Nowadays, computing devices are ubiquitously present and integrated in our daily life. Sensors and actuators are, indeed, embedded in home appliances, lights, or cars; wearable devices like smart watches provide information at glance and act as always-on and personal digital extensions; smartphones and tablets are widely spread. Moreover, most of such devices are Internet-connected and people communicate with them by using various interaction paradigms, ranging from “click”, to “touch”, to gestures, speech, or tangible manipulation. As the technology improves, however, we are challenged of how to design suitable interfaces and interactions, so that people can use such technologies with “joy” rather than “frustration”.
This course would provide a strong foundation to address this challenge. In addition, the course will give students hands-on practice to master this complexity and to develop innovative solutions by adopting a modern human-centered design process while building a web application to serve a set of target users. In the end, students will learn how to design and build technologies usable, useful, and used.
- Concepts of Usability, User Experience
- User Centered Design (UCD) processes and their application
- Novel Interaction Technologies
- Developing a working prototype according to the UCD process
- Mastering some novel interaction technologies
- Experience joint development of a project in a group of engineers
- Programming skills
- Knowledge on web and related technologies/languages (e.g., HTML, JS, client-server architectures, …)
- Attitude towards working in teams
Course topics will cover three areas:
- Introduction to Human-Computer Interaction: history, the human, the computer, vision of the future (0.5 credit).
- Building interactive applications with a human-centered process. The main tasks and methods to design, develop, and evaluate an interactive application: needfindings strategies, low- and high-fidelity prototypes, mental models and visual design, heuristic evaluation, and basic concepts and methods for controlled experiments (3 credits of lectures and exercises).
This part will focus, in general, on the design process. In parallel, the concepts will be applied to a specific application domain and a specific interaction technology and carried on during the lab hours in the course projects developed by student groups (1.5 credits).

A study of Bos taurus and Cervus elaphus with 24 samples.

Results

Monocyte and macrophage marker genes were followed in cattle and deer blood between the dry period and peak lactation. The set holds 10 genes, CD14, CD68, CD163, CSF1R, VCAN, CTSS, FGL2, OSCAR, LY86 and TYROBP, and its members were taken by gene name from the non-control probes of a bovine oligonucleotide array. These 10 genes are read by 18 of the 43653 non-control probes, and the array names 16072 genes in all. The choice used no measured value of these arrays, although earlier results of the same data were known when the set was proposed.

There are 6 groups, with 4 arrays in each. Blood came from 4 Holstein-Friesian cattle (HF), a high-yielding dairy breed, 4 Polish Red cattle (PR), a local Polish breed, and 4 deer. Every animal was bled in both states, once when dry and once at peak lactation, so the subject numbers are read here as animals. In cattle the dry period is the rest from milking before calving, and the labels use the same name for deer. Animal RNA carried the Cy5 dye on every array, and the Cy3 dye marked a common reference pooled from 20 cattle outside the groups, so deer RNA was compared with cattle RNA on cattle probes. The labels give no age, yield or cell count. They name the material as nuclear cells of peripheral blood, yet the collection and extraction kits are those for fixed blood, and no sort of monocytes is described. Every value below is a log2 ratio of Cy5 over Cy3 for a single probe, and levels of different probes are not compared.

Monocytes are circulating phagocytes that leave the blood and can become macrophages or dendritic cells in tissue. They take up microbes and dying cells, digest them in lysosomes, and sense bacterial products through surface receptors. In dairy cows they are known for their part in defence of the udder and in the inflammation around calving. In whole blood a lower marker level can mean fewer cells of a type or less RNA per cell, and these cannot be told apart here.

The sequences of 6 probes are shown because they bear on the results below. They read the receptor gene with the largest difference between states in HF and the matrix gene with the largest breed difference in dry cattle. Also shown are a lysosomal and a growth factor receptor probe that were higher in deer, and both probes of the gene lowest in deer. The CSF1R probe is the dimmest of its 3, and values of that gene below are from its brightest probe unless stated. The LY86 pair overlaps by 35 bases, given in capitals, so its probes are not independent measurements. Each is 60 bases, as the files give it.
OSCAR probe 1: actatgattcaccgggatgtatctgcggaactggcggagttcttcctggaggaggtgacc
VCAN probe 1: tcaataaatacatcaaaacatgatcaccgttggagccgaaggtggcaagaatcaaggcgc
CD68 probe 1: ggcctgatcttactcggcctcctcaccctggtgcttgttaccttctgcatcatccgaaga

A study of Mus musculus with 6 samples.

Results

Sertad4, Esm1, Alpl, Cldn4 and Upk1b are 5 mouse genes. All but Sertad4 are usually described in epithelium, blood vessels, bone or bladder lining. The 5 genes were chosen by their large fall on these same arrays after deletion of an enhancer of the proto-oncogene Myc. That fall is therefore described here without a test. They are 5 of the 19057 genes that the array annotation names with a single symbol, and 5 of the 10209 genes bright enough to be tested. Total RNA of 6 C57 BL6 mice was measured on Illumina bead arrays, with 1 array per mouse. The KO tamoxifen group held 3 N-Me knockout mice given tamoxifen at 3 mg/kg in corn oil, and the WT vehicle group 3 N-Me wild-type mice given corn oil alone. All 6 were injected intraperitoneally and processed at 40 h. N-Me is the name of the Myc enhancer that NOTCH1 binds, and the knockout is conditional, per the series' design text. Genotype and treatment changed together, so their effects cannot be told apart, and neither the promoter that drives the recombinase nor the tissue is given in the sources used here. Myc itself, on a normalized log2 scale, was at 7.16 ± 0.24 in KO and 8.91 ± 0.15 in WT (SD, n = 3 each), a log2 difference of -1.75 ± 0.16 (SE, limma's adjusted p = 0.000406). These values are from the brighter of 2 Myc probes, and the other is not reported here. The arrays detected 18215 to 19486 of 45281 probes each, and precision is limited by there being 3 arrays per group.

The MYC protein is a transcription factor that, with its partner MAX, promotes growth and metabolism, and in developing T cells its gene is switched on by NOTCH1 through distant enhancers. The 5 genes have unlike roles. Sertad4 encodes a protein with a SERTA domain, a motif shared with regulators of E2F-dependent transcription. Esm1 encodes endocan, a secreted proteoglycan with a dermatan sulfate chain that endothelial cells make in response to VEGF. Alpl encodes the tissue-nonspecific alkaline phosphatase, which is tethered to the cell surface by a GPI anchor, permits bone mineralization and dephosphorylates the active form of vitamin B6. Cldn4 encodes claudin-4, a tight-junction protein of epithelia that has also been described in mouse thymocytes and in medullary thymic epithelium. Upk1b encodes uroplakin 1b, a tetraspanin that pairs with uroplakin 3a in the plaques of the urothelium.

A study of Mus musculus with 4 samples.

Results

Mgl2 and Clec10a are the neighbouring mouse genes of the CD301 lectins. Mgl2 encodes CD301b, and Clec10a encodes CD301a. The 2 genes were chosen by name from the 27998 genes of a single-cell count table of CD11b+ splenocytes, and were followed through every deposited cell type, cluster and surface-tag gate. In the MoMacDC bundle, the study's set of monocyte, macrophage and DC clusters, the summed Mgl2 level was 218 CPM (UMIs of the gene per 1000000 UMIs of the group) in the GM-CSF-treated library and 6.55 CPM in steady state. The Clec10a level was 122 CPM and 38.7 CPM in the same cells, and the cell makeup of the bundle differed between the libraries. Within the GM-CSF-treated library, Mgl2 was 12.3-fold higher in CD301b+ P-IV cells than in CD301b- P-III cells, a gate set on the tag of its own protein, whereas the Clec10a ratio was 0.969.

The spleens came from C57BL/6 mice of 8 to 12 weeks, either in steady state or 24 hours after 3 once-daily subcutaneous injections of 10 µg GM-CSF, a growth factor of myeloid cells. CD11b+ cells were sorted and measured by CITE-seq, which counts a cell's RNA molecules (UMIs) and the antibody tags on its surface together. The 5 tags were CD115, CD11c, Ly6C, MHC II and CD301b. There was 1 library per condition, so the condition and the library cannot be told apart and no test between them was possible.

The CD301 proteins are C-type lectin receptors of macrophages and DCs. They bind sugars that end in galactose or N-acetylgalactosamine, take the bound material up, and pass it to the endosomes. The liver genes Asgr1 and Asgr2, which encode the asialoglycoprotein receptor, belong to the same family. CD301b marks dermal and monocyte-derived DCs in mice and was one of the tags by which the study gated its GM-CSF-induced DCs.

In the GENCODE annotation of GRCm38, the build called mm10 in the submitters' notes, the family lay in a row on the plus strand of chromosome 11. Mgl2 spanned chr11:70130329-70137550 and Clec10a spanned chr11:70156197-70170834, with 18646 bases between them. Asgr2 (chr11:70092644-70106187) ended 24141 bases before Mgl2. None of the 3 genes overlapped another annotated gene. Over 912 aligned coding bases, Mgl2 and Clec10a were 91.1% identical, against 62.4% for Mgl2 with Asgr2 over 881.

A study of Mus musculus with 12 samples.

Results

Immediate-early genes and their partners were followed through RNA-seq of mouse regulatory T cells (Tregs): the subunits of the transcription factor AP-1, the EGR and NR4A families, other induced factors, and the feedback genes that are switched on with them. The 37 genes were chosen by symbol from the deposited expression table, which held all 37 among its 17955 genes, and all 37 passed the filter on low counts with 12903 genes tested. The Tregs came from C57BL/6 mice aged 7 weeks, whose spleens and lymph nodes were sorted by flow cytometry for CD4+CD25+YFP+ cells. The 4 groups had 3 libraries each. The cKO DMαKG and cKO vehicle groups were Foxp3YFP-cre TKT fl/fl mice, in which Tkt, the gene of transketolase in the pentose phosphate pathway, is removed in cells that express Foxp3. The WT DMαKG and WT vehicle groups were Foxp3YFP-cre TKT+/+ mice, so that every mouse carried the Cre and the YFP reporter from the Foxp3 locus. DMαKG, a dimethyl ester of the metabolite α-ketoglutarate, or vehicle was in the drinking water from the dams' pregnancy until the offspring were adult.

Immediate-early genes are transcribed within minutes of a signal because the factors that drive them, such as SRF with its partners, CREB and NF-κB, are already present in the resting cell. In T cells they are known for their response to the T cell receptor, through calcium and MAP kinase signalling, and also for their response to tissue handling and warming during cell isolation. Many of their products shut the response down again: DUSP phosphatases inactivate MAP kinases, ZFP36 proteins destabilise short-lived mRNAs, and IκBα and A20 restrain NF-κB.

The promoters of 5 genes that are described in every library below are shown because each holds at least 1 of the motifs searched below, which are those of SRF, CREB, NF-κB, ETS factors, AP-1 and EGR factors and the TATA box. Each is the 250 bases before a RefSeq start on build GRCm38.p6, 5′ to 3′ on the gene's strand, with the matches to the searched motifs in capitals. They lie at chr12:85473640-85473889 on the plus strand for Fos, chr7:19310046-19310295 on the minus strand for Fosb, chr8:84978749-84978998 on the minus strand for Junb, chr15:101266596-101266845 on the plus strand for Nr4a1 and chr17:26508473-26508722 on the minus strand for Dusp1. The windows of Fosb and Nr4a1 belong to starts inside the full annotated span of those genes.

- “Beyond WIMP” paradigms: e.g., tangible interaction, wearables, voice user interfaces, gestures, eye tracking, and interaction with IoT systems. Each paradigm will be discussed from different perspectives, ranging from rationale and vision, to contemporary examples and development tools (1 credit). Thematic seminars on emerging topics will also be included, as well as the illustration of specific “case studies”.
Most of the topics will have a theoretical (in-class) foundation plus hands-on (in-lab) experiences by using web technologies. Students’ projects will follow the proposed human-centered design process and will submit deliverables corresponding to the completion of the process steps. Projects will consist of a modern web application, in which one of the “beyond WIMP” technologies is exploited for user interaction.
During the course, communication within teams and with teachers as well as project development will adopt contemporary solutions and tools (e.g., Git and GitHub, Slack, …).
The learning method is both project-based (i.e., students learn by doing a project) and problem-based (i.e., the project work starts from real users’ needs), with teams of students working together towards a common goal.
Project-related activities will start since the beginning of the course and teachers will provide support and guidance for the entire semester. The project will be accompanied by deliverables to be prepared before given deadlines.
The course may include live seminars by people from industry or other organizations.
* Course slides and related materials (e.g., links, readings, …)
* Selected chapters of:
- Alan Dix, Janet Finlay, Gregory Abowd, Russell Beale: Human Computer Interaction, 3rd Edition, Prentice Hall, 2004, ISBN 0-13-046109-1
- Shneiderman, Plaisant, Cohen, Jacobs, Elmqvist & Diakopoulos: Designing the User Interface: Strategies for Effective Human-Computer Interaction, 6th Edition, Pearson, 2016, 013438038X / 9780134380384
Modalità di esame: prova scritta; prova orale obbligatoria; progetto di gruppo;
Exam: written test; compulsory oral exam; group project;
The exam consists in a written test (in class) and in the evaluation of the projects (required deliverable plus source code).
The written exam will be close-note and on the topics covered during the lectures (i.e., no code or project-related questions). It will account for 40% of the score, with a minimum threshold.
The evaluation criteria for the project include: effort invested in the project activity; originality, complexity, and richness of the solution; methodological and technical correctness; completeness and communication quality of the deliverables; presentation and oral discussion. It will account for 60% of the score.